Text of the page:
A secret multi-trillion dollar trade deal is prompting questions about whether New Zealand would be signing away its right to make some laws.
The Trade in Services Agreement (TISA) aims to liberalise service sector trade between 23 countries, including New Zealand, the United States and European Union.
While the fate of the Trans-Pacific Partnership (TPP) is dominating the headlines, TISA negotiations have continued largely unnoticed and negotiators are aiming to conclude the deal by the end of the year.
Service sector exports were worth over $20 billion to New Zealand in 2015, with $13 billion to countries that would be part of TISA.
Former trade negotiator Charles Finny said the proposed deal aimed to reduce barriers that would hinder services exporters, such as education providers, lawyers, accountants and construction firms, from doing business globally.
New Zealand had "huge potential" to export more, he said.
"I'm thinking of law, accounting, engineering, where we have got some of the world's best people, but we have a potential price advantage over some of our competitors. But there are regulatory barriers standing in the way."
Mr Finny was confident New Zealand would not have to give up much because the country already had one of the most liberalised regulatory systems in the world.
But Auckland University law professor Jane Kelsey said TISA, like TPP, aimed to shackle governments' right to regulate.
"I was in Geneva last month and met with a number of government delegations. They confirmed Tisa is intended as a '21st century' deal for transnational corporations," she said.
"The new focus is on e-services, which will benefit the digital behemoths like Google, Amazon and Uber."
TISA was poised to go further than TPP with e-commerce, including no regulation of new technology services, Dr Kelsey said.
"So services that aren't yet invented, you sign away the right to regulate, and that's what's super-scary about TISA."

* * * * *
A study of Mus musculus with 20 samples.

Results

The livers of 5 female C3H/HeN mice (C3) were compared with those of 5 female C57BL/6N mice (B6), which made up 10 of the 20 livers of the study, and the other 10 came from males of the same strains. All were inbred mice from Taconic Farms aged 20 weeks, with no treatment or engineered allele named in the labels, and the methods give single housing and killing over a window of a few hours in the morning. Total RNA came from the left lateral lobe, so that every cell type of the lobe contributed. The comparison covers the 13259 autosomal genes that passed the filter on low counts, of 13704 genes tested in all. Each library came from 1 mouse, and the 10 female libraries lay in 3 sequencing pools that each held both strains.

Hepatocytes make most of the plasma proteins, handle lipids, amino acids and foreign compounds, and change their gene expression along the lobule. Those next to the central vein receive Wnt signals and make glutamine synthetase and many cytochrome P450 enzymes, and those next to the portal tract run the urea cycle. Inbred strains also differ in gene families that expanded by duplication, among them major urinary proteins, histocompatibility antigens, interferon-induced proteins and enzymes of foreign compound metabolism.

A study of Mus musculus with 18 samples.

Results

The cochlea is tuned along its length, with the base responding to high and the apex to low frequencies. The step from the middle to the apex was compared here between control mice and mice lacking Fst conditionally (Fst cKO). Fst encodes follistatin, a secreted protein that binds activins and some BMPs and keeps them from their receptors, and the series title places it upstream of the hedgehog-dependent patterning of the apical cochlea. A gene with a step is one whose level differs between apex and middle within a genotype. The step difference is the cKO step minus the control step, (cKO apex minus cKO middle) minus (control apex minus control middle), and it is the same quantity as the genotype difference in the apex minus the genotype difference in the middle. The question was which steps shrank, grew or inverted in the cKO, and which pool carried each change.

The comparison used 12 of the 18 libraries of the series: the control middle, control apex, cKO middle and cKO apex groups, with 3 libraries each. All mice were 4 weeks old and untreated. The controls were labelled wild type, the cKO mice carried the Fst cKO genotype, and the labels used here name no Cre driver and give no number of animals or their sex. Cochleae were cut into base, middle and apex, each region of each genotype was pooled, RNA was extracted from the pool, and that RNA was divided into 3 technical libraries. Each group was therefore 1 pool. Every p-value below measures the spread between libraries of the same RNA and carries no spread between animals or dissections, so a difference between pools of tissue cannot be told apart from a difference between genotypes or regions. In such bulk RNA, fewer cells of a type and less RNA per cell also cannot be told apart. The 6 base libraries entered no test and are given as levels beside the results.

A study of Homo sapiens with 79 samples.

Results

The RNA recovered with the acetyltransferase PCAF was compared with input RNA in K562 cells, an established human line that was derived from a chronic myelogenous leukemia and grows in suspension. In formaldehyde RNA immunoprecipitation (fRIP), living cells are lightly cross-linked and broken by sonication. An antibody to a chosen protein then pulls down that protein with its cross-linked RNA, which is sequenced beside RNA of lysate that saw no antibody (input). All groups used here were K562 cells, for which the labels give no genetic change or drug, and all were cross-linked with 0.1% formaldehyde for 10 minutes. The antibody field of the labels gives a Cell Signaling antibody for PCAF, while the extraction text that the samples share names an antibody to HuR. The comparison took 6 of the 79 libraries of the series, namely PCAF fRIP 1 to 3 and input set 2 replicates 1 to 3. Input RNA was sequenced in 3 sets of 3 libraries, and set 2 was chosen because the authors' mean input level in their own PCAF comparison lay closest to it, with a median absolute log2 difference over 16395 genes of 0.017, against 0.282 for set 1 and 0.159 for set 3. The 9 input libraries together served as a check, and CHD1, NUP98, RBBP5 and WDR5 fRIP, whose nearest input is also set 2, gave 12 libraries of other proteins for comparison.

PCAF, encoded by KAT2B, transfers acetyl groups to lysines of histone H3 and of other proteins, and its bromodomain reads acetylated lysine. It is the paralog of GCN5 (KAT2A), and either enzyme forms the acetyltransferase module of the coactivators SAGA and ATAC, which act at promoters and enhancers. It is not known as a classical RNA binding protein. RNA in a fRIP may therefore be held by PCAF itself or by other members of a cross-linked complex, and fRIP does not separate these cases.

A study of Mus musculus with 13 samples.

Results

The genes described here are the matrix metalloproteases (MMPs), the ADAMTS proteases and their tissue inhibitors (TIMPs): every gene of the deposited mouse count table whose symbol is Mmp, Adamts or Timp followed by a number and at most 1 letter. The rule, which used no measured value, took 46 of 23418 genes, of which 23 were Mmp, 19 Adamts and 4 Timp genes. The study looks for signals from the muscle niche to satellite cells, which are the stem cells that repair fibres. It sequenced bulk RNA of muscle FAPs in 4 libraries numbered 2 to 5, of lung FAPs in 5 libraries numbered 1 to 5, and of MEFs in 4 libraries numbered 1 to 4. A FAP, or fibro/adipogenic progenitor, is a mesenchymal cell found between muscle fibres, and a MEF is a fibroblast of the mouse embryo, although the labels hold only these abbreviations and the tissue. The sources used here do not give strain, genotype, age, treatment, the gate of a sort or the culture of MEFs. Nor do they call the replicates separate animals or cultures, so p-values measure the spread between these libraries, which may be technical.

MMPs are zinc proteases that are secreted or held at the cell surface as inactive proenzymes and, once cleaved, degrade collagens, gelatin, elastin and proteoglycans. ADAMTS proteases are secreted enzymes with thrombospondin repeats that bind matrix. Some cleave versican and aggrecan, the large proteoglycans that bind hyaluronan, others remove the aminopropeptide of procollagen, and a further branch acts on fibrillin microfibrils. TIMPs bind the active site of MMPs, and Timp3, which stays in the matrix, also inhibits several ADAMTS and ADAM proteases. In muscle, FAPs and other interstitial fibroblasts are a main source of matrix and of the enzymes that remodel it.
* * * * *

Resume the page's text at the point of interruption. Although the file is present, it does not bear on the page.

TISA also contained a 'standstill' clause that froze the current regulatory regime, and a 'ratchet' clause to stop countries reintroducing trade barriers that had been previously removed, she said.
Further leaked documents also indicated TISA signatories would be obliged to work toward treating renewable energy and fossil fuel power on an equal footing, threatening the goals of the Paris climate deal.
Trade Minister Todd McClay would not discuss New Zealand's position in the talks, but said the country's sovereignty was not up for negotiation.
"I give an assurance that when we go to negotiate we look to retain the right for the New Zealand government to pass law and regulation," Mr McClay said.
"We have that right under TPP and other agreements and certainly that would be my insistence upon a position our negotiators take."
Mr Finny, too, was confident that if New Zealand faced another disaster like Pike River, leaky buildings or finance firm failures, then the government would be able to act.
"Let's look at Pike River. We're talking about human health and safety - there'll be a blanket exemption there."
He would be "absolutely amazed" if New Zealand could not change regulations in response to something like that in the future.
TISA opponents remained sceptical, not least because of the familiar ring of secrecy surrounding the deal.
Green Party MP Barry Coates dismissed recent public meetings about the deal as "inadequate".
People were in the dark about what the government was prepared to sign away, Mr Coates said.
"None of this is anywhere near Parliament, so there is no accountability for New Zealand's proposals that they're putting into the negotiations," he said.
"These are big and really important issues. There's no transparency and no accountability."
Negotiators would review market access offers this week, and prepare the groundwork for a final deal in December, Todd McClay said.
While there was momentum behind the talks, he would not predict whether it could be concluded before Christmas.